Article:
Hi all

Im restoring a 73 GTV, front to back. Just completed the front suspension and now have the rear fully disassembled. I'm working towards rolling shell status before giving the car to the body shop. While I have the rear fully disassembled, including dropping the gas tank, I've been cleaning the road grime off the undercarriage to see where there is rust. Luckily things look pretty good rear of the floors.

When I cleaned up the front wheel wells I POR15'd the rust spots and then Wurth Undersealed the entire wheel wells. The process was relatively clean. I'm can't speak to durability, but the Wurth product came widely recommended. One thing that is slightly curious is that about 2 months after spraying it, it still feels gooey and a bit wet. Normal?

Is there any reason to use a different process for the rear wheel wells and undercarriage around the diff/gas tank etc? I would consider having the underside professionally undercoated but it will be a lot more difficult with the rear suspension in place.

EDIT - If the pics aren't obvious, I found bare (primed) metal above and around the diff, and original body color (tan) + red overspray on some sort of rubbery undercoating in the wheelwells.

some pics of what I've found upon cleaning up...
 

 


I don't have an answer for your question, but I could not help but admire the work you've completed so far.

How did you go about cleaning the underside, if you don't mind a question instead of an answer?

Thanks in advance.
 


You can spray or brush it, and it's very effective.

Unlike POR-15, it's not UV sensitive (no topcoat needed), and needs no tie coat primer to topcoat if desired.

I've used it for years. I use a twisted wire wheel on my grinder to remove scale rust. Wipe down with lacquer thinner to degrease. Allow LT to evaporate, and paint.

As a test I left a rusty wrench that I painted with Eastwood's Rust Encapsulator paint outside for an entire year in New Orleans - which gets lots of rain, is very humid, and hot - and not a speck of rust.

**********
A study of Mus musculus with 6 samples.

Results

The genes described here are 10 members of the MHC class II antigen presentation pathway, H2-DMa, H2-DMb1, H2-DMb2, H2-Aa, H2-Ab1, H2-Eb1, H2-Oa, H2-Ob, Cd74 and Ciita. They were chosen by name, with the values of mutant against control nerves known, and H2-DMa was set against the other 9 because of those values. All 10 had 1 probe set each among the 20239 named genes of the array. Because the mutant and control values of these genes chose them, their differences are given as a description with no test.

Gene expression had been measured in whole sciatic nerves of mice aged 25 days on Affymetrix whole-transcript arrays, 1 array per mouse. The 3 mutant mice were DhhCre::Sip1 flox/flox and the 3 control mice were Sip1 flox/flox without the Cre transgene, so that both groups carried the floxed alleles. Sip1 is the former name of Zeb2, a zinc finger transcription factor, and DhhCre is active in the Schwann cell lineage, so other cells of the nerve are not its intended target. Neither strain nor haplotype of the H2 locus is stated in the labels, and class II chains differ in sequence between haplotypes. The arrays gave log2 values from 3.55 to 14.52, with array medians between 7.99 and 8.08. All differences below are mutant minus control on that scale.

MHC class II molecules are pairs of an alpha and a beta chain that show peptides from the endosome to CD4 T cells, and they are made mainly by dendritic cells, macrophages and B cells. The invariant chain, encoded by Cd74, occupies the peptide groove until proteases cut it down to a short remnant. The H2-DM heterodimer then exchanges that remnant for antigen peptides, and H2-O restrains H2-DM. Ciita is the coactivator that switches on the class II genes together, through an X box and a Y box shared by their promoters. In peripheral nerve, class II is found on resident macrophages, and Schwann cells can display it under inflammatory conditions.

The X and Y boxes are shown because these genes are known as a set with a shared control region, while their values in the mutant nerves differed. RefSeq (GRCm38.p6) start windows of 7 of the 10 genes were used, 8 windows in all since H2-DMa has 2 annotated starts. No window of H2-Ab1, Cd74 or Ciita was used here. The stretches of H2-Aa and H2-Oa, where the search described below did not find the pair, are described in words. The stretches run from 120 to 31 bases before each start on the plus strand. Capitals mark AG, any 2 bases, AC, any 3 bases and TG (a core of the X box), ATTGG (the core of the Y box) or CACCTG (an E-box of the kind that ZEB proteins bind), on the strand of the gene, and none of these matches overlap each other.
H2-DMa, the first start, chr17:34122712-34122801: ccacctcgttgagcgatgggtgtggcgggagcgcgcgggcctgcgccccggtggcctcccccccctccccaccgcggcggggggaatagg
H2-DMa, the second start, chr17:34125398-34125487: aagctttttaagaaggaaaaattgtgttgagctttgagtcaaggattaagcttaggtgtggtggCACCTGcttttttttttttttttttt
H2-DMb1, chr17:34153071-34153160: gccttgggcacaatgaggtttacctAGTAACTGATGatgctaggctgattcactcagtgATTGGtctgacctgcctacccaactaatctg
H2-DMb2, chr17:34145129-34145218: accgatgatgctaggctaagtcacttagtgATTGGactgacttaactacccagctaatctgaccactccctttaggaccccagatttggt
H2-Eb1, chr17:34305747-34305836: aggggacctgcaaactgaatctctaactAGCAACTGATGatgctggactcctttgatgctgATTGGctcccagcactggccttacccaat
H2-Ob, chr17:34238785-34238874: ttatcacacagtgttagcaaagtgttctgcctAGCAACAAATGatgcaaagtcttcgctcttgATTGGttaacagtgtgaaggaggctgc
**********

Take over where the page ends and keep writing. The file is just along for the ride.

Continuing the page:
Good luck! Dickson
 

I don't have an answer for your question, but I could not help but admire the work you've completed so far.

How did you go about cleaning the underside, if you don't mind a question instead of an answer?

Thanks in advance.
Thanks for the compliment. I'm using POR-15's "Marine Clean" which I have to say I really really like. I lay down a drop tarp, squirt some marine clean, brush it with a plastic brush (this is painful without a lift), then squirt it with a water bottle / wipe it down with paper towels.

To be clear, I'm only showing pictures of the parts of the car WITHOUT the factory undercoating. This is just primed metal with overspray. Getting the factory undercoating off is supposed to be a pain. However, I did manage to get it off the INSIDE of the floors pretty cleanly by using dry ice. I wonder if putting dry ice inside the (now bare metal) floors again wouldn't help with the underside.
 


I have no affiliation with Eastwood, but see their undercoating remover:

Eastwood's Under Gone Undercoat ing Remover - Undercar Coatings - Undercar & Drivetrain

I've heard of folks warming up undercoating with a torch, and then scraping off...but this seems like a dangerous proposition, even with a lift.

Unless you have strong suspicions that there is a lot of rust hiding under the undercoating, I'd recommend leaving it alone. Dickson
 

Unless you have strong suspicions that there is a lot of rust hiding under the undercoating, I'd recommend leaving it alone. Dickson
After a lot of reading, the alfabb consensus seems to be that the factory undercoating, at this age (and even when it was new) is responsible for a lot of the floor rusting probs we all have. I'm going to need to do some patch cutting/welding of the floors, so to some degree removing the undercoating is on the menu regardless.

I'm also wondering: do floors typically rust because of water infiltration from the inside or salt/water from the outside?
 


Found corrosion under the undercoating. I would definately remove it all as that is the only way to be sure.

Marc
 


Still, cover up. I'd expect hot undercoating will burn you!
 

 

 

I also use the Eastwood rust encapsulator and have had great results with it. It also goes on sale everynow and then too:) They also make another thicker product more like POR, anti rust or something like that, comes in cans and a spray. I used the spray in the holes for the door jam and shot some up the drain holes to get to the back of the rocker panels after blowing them clean as compressed air would get them.
Does the Eastwood rust encapsulator stick well to unrusted metal? From the description it sounds like it does, but I know POR-15 doesn't like smooth metal.
 


The Eastwood paint, in my experience, adheres well to most anything.